Two-term GOP Rep. Barbara Comstock (VA-10) is a tough, resilient campaigner who has persevered as the prosperous Northern Virginia suburbs have zoomed away from her party in the Trump era. In 2016, she won reelection by six points while Hillary Clinton carried the seat 52 percent to 42 percent. But in the current political environment, Comstock is the single most vulnerable Republican incumbent in the House.
Last Tuesday, Democratic strategists got what they wanted when state Sen. Jennifer Wexton comfortably won her primary, taking 42 percent to former State Department official Alison Friedman's 23 percent. Wexton, a former domestic violence prosecutor, is a proven vote-getter in Loudoun County, home to nearly half the 10th CD's residents (in 2016, Comstock was able to portray her opponent as a wealthy DC carpetbagger).
Meanwhile in the GOP primary, Comstock took an underwhelming 61 percent against conservative veteran and self-described inspirational speaker Shak Hill, who raised $245,000 and attacked Comstock for calling on Trump to step aside as the GOP nominee in fall 2016. Hill narrowly beat Comstock in the Shenandoah Valley, indicating weak enthusiasm for Comstock in the most conservative region of the 10th CD.
Moreover, Prince William County Supervisors Chair Corey Stewart, an incendiary anti-immigration and pro-Confederate monuments activist, narrowly won the GOP nomination to face Democratic Sen. Tim Kaine, 45 percent to 43 percent. Stewart's nomination could alienate independents, depress Republican interest in the Senate race and allow Kaine to run up the score in the 10th CD, compounding Comstock's challenge.
It's difficult to overstate how rapidly the fast-growing 10th CD's politics have shifted. It's the most college-educated GOP-held district in the country, and 37 percent of its residents are non-white. In 2011, Republicans drew it to elect one of their own. But in 2017 Democrat Ralph Northam annihilated Ed Gillespie 56 percent to 43 percent in the 10th CD. Down-ballot, the "blue wave" swept out six overlapping incumbent GOP state delegates.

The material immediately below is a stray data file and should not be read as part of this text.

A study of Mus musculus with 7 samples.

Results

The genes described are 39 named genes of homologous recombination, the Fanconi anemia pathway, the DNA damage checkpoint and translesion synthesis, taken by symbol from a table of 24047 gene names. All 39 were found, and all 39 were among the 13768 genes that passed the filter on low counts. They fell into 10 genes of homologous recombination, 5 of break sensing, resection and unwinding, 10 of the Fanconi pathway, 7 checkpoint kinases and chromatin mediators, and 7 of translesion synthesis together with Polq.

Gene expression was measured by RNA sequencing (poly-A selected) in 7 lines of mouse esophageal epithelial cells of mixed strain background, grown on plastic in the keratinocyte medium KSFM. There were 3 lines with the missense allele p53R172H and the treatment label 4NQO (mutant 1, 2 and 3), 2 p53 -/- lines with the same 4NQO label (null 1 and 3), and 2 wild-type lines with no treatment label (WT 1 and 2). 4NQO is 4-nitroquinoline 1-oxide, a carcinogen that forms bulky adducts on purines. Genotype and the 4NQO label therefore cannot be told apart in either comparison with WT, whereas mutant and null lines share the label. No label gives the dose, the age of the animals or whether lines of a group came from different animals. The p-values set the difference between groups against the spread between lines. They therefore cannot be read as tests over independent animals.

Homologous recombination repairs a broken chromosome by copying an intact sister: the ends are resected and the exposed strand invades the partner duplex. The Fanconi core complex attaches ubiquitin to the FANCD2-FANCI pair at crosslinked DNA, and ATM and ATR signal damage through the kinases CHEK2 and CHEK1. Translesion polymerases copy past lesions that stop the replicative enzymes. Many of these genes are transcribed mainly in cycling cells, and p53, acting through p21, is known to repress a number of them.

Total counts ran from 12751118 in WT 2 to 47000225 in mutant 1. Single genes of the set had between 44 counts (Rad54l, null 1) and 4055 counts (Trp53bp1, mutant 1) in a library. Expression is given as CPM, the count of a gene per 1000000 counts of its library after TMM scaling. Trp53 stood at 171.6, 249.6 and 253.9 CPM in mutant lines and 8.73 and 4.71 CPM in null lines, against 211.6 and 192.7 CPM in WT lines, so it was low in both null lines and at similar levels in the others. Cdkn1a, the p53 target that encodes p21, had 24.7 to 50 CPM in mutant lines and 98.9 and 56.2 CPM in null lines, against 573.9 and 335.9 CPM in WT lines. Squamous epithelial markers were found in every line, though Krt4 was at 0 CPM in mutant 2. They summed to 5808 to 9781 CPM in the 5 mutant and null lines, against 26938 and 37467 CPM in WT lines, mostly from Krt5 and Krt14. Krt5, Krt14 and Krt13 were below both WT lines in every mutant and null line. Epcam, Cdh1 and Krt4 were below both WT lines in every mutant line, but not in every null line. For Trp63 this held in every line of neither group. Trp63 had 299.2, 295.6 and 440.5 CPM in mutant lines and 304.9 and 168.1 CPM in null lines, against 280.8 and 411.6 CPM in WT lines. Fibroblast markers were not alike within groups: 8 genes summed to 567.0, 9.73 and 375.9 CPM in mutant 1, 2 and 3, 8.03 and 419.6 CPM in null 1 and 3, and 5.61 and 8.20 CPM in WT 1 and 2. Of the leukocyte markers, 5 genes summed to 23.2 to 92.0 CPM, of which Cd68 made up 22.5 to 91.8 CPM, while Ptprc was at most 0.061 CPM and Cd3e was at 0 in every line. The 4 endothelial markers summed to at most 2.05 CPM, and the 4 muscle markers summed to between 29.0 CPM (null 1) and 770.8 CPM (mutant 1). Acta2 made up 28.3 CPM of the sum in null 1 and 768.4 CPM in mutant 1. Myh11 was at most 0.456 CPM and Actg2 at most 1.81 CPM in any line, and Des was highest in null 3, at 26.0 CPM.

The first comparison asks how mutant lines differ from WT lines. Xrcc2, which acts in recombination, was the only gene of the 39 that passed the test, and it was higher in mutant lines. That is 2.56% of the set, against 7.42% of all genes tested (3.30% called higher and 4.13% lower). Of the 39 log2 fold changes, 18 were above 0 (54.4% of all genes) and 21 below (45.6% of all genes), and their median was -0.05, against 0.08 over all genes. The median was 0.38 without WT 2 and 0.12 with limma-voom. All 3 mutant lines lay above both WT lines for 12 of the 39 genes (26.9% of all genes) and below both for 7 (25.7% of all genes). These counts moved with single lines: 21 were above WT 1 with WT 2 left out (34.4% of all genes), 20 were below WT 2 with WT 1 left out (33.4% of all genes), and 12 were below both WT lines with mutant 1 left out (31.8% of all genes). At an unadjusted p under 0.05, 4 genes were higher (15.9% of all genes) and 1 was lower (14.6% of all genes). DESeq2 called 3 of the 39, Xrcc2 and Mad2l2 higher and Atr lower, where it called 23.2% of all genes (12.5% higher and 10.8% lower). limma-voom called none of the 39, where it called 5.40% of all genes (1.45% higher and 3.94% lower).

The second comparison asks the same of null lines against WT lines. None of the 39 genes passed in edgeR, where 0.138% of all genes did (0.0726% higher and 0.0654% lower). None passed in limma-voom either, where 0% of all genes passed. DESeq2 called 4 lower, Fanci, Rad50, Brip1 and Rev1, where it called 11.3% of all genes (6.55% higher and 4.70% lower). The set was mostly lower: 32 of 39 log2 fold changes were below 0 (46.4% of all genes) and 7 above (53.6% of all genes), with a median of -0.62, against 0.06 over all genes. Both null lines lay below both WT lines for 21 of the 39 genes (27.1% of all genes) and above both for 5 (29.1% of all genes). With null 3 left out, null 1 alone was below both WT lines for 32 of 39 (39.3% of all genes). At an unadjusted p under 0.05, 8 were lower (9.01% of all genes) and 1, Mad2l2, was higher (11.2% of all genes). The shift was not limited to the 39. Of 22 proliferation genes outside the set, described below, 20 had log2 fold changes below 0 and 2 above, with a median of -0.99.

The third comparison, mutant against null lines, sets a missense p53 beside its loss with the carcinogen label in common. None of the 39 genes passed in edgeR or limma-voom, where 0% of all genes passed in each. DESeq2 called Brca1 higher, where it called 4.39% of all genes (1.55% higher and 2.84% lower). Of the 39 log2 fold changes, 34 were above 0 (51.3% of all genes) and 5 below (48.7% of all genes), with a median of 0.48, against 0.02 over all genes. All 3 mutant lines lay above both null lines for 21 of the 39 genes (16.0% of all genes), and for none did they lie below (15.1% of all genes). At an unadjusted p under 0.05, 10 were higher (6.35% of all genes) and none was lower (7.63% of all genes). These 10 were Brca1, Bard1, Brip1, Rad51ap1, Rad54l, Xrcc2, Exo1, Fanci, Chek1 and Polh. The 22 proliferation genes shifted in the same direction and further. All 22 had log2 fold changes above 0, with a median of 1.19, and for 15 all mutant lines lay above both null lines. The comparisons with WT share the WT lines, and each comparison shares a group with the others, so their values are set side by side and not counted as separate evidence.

Comstock had $1.6 million in the bank in late May. With her primary in the past, Comstock will highlight her differences with Trump, including voting against the GOP's healthcare bill last spring. But she'll need to find ways to disqualify Wexton to survive.
Wexton, a Leesburg resident who grew up in Maryland, carries some important advantages into the general. First, she already represents about a quarter of the 10th CD. Second, whereas 2016 nominee LuAnn Bennett lived in extravagant McLean and was easily caricatured as a wealthy DC liberal insider, Wexton can campaign as a family advocate and political pragmatist who recently voted to pass a bipartisan bill to expand Medicaid in Richmond.
But Wexton is also somewhat untested at this level. She isn't known as the most natural or polished retail politician, and may not have dominated the primary without valuable nods from Gov. Northam and the Washington Post. Republicans point to her intro ad, which featured campaign workers dressed up in rented police uniforms, as disrespectful to law enforcement and evidence Wexton's campaign isn't ready for prime time.
This race is far from over. But several Republicans privately express doubts about spending millions on expensive DC television trying to save this seat when there are far cheaper routes to holding the majority. It moves from Toss Up to the Lean Democratic column.